Facebook is opening up Instant Articles to newsrooms everywhere. Will a flood of distributed content follow?
In a long-awaited move, Facebook announced this afternoon that it plans to open up access to its Instant Articles program to publishers around the world, giving every news organization the capability to publish their content on the social network.
The program, which was previously available to a select group of publishers numbering in the hundreds, will be available to any Facebook user who owns a page. This opens the program to individual bloggers as well as larger newsrooms. Instant Articles is slated to launch for wider use at Facebook's F8 conference on April 12.
"From the beginning, our vision has been to create a product that works for people all over the world and for publishers all over the world," said Josh Roberts, the product manager for Instant Articles, "no matter how big they are or what their focus is."
Today's announcement is a watershed development in the ongoing trend toward "distributed content" — the idea that news organizations will increasingly publish their stories and videos on a variety of platforms without expecting readers to refer back to their websites. The distributed model allows publishers to maximize their readership on social media and elsewhere, but it also means that publishers are no longer the sole arbiter of the channels people use to find their news.
When Instant Articles launched in May, the program was the subject of much concern among media types who were wary of giving social networks like Facebook too much power by using it as a means of distribution. But some publishers have embraced Instant Articles: The Washington Post, for example, is posting all of its stories on the social network in a bid to reach the widest possible audience.
Since Instant Articles launched, Facebook's gotten "thousands" of request from news organizations interested in publishing their content on the social network, Roberts said. The company is prepared for a flood of stories to be published on Instant Articles but doesn't want to speculate about how many news organizations will sign up, Roberts said.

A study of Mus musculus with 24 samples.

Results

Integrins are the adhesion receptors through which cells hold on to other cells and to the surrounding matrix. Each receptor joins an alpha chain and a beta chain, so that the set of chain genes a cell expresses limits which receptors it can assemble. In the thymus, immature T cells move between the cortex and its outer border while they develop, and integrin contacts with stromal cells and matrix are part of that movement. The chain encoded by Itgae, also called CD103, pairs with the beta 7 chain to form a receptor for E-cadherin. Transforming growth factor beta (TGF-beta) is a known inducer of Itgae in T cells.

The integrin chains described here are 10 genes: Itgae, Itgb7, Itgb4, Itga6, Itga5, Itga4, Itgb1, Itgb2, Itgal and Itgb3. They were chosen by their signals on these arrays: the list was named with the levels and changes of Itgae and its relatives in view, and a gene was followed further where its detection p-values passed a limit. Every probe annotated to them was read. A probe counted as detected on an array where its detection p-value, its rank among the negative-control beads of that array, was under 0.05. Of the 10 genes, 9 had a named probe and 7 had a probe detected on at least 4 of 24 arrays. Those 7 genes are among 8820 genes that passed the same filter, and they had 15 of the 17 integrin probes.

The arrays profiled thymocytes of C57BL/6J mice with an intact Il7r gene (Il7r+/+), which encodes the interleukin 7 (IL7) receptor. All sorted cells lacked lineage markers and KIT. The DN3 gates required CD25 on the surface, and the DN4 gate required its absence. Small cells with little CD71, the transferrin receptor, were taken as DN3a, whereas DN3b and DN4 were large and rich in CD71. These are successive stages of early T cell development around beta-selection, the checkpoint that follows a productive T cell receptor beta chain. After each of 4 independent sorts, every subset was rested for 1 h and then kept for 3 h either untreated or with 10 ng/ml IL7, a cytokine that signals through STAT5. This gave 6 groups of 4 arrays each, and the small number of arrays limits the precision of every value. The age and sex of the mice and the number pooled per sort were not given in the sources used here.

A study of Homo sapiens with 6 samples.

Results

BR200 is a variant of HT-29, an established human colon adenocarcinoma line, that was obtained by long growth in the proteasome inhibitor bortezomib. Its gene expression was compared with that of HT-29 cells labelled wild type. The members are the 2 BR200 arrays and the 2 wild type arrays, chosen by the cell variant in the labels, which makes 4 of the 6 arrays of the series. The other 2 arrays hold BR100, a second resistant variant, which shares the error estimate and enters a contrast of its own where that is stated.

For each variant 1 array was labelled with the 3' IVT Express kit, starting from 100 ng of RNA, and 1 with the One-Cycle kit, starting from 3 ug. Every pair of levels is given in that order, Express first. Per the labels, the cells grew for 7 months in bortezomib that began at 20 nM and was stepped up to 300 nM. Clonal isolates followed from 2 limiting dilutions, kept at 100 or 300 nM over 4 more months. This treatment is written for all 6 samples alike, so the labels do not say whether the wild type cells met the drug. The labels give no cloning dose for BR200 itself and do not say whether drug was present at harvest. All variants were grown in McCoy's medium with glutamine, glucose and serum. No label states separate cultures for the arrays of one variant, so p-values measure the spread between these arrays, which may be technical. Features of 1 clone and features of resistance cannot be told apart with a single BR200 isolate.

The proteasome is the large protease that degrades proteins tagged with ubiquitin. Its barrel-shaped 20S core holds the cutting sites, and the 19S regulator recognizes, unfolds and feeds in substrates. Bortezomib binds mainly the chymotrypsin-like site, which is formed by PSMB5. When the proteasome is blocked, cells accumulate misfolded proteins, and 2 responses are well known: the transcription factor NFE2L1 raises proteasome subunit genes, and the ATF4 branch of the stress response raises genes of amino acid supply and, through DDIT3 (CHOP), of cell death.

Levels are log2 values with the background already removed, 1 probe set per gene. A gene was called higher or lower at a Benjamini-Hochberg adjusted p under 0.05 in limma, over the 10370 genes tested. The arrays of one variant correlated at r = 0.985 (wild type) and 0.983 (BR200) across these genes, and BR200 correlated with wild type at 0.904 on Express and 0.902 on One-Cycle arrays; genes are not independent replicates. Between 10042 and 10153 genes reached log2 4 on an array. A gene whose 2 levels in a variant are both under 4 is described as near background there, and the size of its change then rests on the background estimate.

Since it launched with a handful of publishers, including The New York Times, BuzzFeed and National Geographic, Facebook has been steadily adding to its roster of publishing partners and making tweaks to its advertising offerings. Early complaints with the number of advertisements Facebook allowed on Instant Articles resulted in tweaks that have reportedly been amenable to publishers.
Publishers are offered two monetization methods with the Instant Articles program: They can either sell the ads themselves, or use Facebook's network for advertising. Publishers keep 100 percent of the revenue on advertisements they sell themselves and split the revenue with Facebook for use of its ad network. Facebook doesn't break out the specifics of the revenue split publicly, but an article from The Wall Street Journal published in March put the proportions at 70 percent for the publisher and 30 percent for the social network.
When New York Times media columnist David Carr first outlined the contours of Facebook's (then-unnamed) Instant Articles program in 2014, he compared the social media giant to a big dog running toward you at top speed: "It’s hard to tell whether he wants to play with you or eat you."
Now, it's clear Facebook wants to play — and it's inviting a ton of people to the party.
Correction: A previous version of this story called Josh Roberts the "project manager" for Instant Articles. In fact, he is the product manager.